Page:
Academic integrity trumps stealing points

By Maddie Binning

Maddie Binning is a senior at Minnehaha Academy and Editor in Chief of the Talon Newspaper. Maddie has worked on the Talon for four years and hopes to study journalism in university. When she isn't working on the paper, Maddie is both a freelance photographer and a photographer at Lifetouch Portrait Studios. She also has a passion for reading, music and traveling.

Posted: November 2, 2012

Short-term benefits associated with cheating produce long-term repercussions

“No cheating, no chatting,” said English teacher Robyn Westrem with a smile as she slid a quiz onto the desk of each student. After a few deep breaths, the scratch of pencils reached the ears of each student as they tested themselves not only in vocabulary, but also in ethics.

In the last year, several cases of cheating among students at competitive schools, such as Harvard University and Stuyvesant high school in Manhattan, have surfaced. Experts are now saying that high achieving students are just as likely to cheat as other students.

In her classroom, Westrem uses her “no cheating, no chatting” catch phrase before every quiz or test to remind students of her expectations of them, though she believes that cheating is not a premeditated act.

“I think that what happens when students cheat is maybe a time crunch,” said Westrem. “People don’t set out to cheat, but they just get into a tough situation, which is not an excuse, but it’s an understandable reason.”

However, math teacher Scott Scholl believes otherwise.

“A kid that’s going to cheat is going to cheat regardless of what the teacher says,” said Scholl.

Scholl also sees a student’s level of achievement as irrelevant to their likelihood of cheating.

“It’s more about moral character than achievement,” said Scholl. “Someone with a low moral character is probably going to cheat just as much as another person with low moral character [regardless] of their achievement factor.”

Junior Poppy Anema believes in the value of honest work and doesn’t see any advantage in cheating.

“It’s best to prepare,” said Anema. “If you cheat, it’s going to come back to bite you, especially in AP classes. Essentially, even if you knew what was going to be on the test before [you took it], you have to understand [the material]. Your focus shouldn’t be to get the points. It should be to learn, and getting the points should be an outcome of learning.”

Professor Donald L. McCabe of Rutgers University has conducted numerous surveys on cheating with college and high school students for over 20 years. Having surveyed more than 200,000 students, McCabe has gathered information about why students cheat and how they view different types of cheating.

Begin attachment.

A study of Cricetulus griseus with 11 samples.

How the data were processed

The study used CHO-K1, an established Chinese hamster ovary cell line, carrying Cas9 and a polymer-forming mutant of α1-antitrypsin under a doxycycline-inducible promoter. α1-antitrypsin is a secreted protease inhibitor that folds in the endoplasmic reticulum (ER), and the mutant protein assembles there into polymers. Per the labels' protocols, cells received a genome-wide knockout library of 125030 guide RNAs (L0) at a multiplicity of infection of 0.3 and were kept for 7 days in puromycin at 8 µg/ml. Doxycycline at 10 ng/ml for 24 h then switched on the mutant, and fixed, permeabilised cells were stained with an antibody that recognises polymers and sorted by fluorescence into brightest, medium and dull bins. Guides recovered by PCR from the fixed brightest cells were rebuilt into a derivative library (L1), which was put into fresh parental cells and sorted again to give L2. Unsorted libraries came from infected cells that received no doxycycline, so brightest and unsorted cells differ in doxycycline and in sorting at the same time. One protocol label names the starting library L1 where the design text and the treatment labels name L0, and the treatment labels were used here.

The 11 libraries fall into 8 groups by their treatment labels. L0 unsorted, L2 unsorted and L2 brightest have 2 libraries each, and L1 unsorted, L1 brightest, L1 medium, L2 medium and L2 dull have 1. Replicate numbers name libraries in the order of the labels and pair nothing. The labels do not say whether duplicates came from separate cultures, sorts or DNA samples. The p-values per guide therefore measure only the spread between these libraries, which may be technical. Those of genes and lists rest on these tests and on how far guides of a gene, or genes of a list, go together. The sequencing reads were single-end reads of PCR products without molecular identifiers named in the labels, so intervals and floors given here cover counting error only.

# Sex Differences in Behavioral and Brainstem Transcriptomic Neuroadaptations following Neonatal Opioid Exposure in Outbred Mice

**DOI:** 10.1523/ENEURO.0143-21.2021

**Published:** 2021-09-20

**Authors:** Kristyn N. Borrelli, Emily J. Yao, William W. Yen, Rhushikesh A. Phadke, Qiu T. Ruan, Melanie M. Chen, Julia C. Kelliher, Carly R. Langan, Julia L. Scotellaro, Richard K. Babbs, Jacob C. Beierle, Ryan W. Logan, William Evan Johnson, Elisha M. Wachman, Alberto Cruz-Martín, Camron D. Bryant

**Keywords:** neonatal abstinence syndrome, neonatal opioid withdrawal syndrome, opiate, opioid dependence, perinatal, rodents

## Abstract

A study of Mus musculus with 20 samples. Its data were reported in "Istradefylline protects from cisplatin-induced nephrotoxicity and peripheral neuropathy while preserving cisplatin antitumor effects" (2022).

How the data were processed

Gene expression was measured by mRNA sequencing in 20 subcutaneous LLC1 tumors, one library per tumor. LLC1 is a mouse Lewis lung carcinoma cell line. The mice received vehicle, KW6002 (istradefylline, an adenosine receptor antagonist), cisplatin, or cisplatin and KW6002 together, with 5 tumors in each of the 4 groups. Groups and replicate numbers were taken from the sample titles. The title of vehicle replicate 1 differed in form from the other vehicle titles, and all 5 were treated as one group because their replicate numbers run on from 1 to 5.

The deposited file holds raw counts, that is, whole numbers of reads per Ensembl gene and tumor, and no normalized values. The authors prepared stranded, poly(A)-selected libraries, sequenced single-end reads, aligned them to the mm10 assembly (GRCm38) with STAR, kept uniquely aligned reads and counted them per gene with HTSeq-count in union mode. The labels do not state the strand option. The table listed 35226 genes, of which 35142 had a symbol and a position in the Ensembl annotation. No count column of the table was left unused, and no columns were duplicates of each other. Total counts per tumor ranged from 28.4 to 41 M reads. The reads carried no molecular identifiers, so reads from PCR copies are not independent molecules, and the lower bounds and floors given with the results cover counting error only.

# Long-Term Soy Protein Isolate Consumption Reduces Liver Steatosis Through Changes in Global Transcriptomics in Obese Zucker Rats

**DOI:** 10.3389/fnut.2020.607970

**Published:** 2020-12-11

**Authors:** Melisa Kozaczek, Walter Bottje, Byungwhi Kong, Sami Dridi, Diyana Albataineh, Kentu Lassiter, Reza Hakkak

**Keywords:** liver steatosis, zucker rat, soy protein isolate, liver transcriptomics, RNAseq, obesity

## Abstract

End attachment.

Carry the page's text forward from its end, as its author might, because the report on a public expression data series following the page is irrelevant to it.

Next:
“There have always been struggling students who cheat to survive,” McCabe told New York Times. “But more and more, there are students at the top who cheat to thrive. I don’t think there’s any question that students have become more competitive, under more pressure, and, as a result, tend to excuse more from themselves and other students, and that’s abetted by the adults around them.”

McCabe finds that adults have a large impact on the choices of students.

“I think kids today are looking to adults and society for a moral compass,” he said, “and when they see the behavior occurring there, they don’t understand why they should be held to a higher standard,”

College counselor Richard Harris agrees that adults do not always set the correct example for younger generations.

“There are a lot of cases where adults have cheated and have benefitted short term because of it,” said Harris. “It’s a pervasive problem. You see cheating in sports a lot of times, where people take steroids, and you see it in the corporate world, where [people] cheat on the stock market to a certain degree, so cheating is definitely not just a high school student thing.”

Despite this, Harris believes students know what decisions they should make.

“I think that you’d be hard pressed to find a student that didn’t know the definition of cheating,” said Harris. “Teachers explain it really, really clearly at the beginning of the year, as to what cheating is, plagiarizing is, and many students take the incorrect path. People believe that doing something unethical in the short term will pay off in the long term, but that is rarely the case.”

Senior Becca Lundberg finds Minnehaha to be an ethical school and also thinks that students know what is expected of them.

“I think most people strive to be academically honest,” said Lundberg.

Everyday, students make the decision of whether or not to cheat. Each time the bell rings, a new opportunity presents itself. Whether it be on a small homework assignment or on the biggest test of the semester, it’s a question students ask themselves time and time again, and a choice only they can make.

“I think [teachers] are pretty clear about their expectations,” said Lundberg. “Minnehaha students are smart enough to know what is and isn’t cheating.”